Fellow Portrait

Ira Guha



Asan developed an easy-to-insert reusable menstrual cup to address period poverty and reduce solid waste pollution in India.

05. Gender Equality

06. Clean Water and Sanitation

12. Responsible Consumption and Production


South Asia and Central Asia





Access to safe period care products is a worldwide problem

Period poverty refers to the challenge of obtaining affordable menstrual products such as pads, tampons, and pain medication. Worldwide, roughly 1.6 billion women and girls cannot afford access to safe period care, with economic and social as well as personal consequences.

In India alone, women lose dozens of work days because of their periods, contributing to US$87 billion in annual GDP losses. While India’s use of disposable sanitary pads has increased rapidly, this product contributes to a massive waste crisis in the country, where more than 12.3 billion sanitary pads go to landfill annually.

Asan means ‘easy’ in several languages. The Asan Cup is effective and easy to use. You can wear it for three times longer than a tampon or pad. And the number one piece of feedback we get is women saying ‘it's like I'm not on my period anymore'.


An easy-to-use menstrual cup combats period poverty

Ira Guha designed and patented the Asan Cup as a graduate student at Harvard University, working with engineers at the Harvard Innovation Lab. “The great thing about menstrual cups is that they're reusable for ten years,” she says—a great solution to both period poverty and the waste problem. “But most menstrual cups can be hard to insert and remove. I wanted to improve the design of the product to make it more user friendly.” The Asan Cup’s small ring and other features make it easy to use.

After bringing sample cups to her community in South India, Ira was inundated with requests from women who wanted to try it. She took dozens on each return trip and eventually moved to India. She began working with a charity in Kanakapura and found that with the right behavioral changes through education, women in villages adopted the Asan Cup at high rates. “You can get every woman and girl of the village to use it, and they can go to school, they can go to work. There's a huge reduction in anxiety.”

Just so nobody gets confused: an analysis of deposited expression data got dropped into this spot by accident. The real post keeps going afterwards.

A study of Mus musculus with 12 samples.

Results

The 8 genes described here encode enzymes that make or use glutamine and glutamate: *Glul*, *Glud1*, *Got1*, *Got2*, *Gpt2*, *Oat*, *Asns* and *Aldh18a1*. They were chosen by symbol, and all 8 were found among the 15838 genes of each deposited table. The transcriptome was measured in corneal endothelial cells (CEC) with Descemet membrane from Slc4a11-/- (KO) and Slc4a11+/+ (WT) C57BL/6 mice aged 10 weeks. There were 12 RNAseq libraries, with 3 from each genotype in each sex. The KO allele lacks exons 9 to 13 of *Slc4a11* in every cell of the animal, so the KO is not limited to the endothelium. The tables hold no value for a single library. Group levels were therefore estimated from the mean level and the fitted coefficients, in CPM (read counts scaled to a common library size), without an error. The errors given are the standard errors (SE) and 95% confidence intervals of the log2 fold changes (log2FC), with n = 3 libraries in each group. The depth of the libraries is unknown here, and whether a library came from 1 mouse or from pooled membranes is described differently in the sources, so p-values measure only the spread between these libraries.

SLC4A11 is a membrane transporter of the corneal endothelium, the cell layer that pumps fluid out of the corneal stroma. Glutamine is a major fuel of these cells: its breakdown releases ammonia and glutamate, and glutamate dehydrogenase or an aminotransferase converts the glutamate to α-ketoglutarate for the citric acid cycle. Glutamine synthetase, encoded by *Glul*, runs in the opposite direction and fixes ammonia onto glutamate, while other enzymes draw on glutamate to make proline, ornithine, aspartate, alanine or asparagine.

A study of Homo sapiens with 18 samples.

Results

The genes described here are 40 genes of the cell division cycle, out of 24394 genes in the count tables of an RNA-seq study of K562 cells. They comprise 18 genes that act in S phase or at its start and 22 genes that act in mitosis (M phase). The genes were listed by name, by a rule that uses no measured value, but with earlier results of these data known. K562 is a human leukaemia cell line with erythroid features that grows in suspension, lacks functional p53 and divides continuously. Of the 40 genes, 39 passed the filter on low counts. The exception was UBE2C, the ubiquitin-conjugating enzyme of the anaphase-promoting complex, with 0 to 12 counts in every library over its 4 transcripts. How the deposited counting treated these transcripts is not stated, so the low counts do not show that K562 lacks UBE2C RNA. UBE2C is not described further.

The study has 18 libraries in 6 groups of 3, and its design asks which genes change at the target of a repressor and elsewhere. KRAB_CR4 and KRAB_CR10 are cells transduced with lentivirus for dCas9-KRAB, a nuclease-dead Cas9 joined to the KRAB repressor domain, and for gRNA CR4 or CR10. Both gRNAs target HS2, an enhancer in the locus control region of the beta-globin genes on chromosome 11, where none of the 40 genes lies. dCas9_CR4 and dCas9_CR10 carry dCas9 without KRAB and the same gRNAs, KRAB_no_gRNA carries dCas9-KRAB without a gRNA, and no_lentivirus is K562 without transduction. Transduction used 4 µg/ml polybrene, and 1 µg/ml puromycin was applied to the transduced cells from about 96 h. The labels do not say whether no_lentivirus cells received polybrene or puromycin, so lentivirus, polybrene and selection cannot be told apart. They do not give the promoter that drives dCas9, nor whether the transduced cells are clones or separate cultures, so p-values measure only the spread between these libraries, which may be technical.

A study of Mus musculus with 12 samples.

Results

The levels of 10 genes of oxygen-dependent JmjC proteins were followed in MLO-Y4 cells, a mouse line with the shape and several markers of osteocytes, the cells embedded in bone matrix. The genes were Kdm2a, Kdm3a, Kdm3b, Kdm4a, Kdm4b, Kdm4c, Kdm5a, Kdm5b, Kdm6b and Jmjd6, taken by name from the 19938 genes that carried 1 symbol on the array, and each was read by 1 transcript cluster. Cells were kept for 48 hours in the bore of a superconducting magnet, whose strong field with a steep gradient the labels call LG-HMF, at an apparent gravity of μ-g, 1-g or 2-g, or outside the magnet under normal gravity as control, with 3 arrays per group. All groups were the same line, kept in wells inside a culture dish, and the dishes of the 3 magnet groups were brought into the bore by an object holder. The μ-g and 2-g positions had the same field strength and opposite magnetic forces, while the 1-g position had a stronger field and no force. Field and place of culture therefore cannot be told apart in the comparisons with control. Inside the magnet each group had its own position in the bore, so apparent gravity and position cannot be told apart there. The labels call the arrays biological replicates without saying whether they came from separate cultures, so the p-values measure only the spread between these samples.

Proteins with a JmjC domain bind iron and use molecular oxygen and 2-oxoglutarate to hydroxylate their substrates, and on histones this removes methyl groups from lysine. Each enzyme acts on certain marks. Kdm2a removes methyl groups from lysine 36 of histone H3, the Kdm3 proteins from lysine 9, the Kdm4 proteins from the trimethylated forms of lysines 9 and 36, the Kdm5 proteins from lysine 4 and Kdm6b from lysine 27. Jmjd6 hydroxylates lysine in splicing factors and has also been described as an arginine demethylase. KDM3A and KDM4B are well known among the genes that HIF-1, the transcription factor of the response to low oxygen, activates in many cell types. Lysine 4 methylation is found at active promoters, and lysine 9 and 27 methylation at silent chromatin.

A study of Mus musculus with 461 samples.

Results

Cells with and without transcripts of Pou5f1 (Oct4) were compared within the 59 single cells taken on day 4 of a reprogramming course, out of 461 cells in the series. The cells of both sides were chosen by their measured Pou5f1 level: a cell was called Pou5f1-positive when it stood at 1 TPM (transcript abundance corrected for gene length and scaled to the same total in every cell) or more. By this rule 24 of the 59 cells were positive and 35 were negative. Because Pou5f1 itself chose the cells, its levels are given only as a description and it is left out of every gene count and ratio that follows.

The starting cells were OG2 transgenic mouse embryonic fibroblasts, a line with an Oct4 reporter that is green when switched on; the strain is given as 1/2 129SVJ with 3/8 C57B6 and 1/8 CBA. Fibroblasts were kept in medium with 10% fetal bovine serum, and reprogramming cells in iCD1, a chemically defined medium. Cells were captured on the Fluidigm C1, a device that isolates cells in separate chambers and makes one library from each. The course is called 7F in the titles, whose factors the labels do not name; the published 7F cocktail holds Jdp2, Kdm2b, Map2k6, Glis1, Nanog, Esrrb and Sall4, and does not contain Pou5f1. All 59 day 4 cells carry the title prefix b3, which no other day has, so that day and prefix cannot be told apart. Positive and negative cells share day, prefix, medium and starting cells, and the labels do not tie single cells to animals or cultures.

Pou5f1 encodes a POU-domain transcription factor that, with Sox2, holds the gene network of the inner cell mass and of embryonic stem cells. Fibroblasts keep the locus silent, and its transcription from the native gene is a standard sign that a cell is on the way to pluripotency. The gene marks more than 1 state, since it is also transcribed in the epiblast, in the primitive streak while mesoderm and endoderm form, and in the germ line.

One Asan Cup costs approximately US$25—equivalent to the cost of pads for a few months—and lasts for ten years. Unfortunately, villagers could not afford the Asan Cup even if sold at cost, so Ira converted the business to a for-profit that now donates one cup for each one purchased.

The Asan cup enables women to gain an average of two extra days of productive work every single period, which adds up over a ten-year span to something like 260 days per woman or girl. That is the story of economic empowerment.


Women and girls have money for other essentials—and less anxiety

Asan has helped women in 20,000 Indian households regain an average of two work days each month, resulting in money now available for education, textbooks, and medications. And the cup is eco friendly; one cup avoids the waste of 2,500 pads or tampons. Worldwide, it has averted the equivalent of more than 100,000 tons of plastic waste from landfills.

“The final impact is harder to quantify,” Ira says. “So many women who use our cup will tell you they used to spend the whole month dreading their period—with good reason. A girl might have to carry soiled pads home in her bag because there was no dustbin in her school. These situations are upsetting and detrimental to mental health. With the Asan Cup, that stress and worry is gone and there’s an immense improvement in mental wellbeing.”

Periods are universal and everyone deserves access to the highest quality period care. We don't want to stop until every single woman and girl, no matter their income, no matter where they're from, has access to safe period care.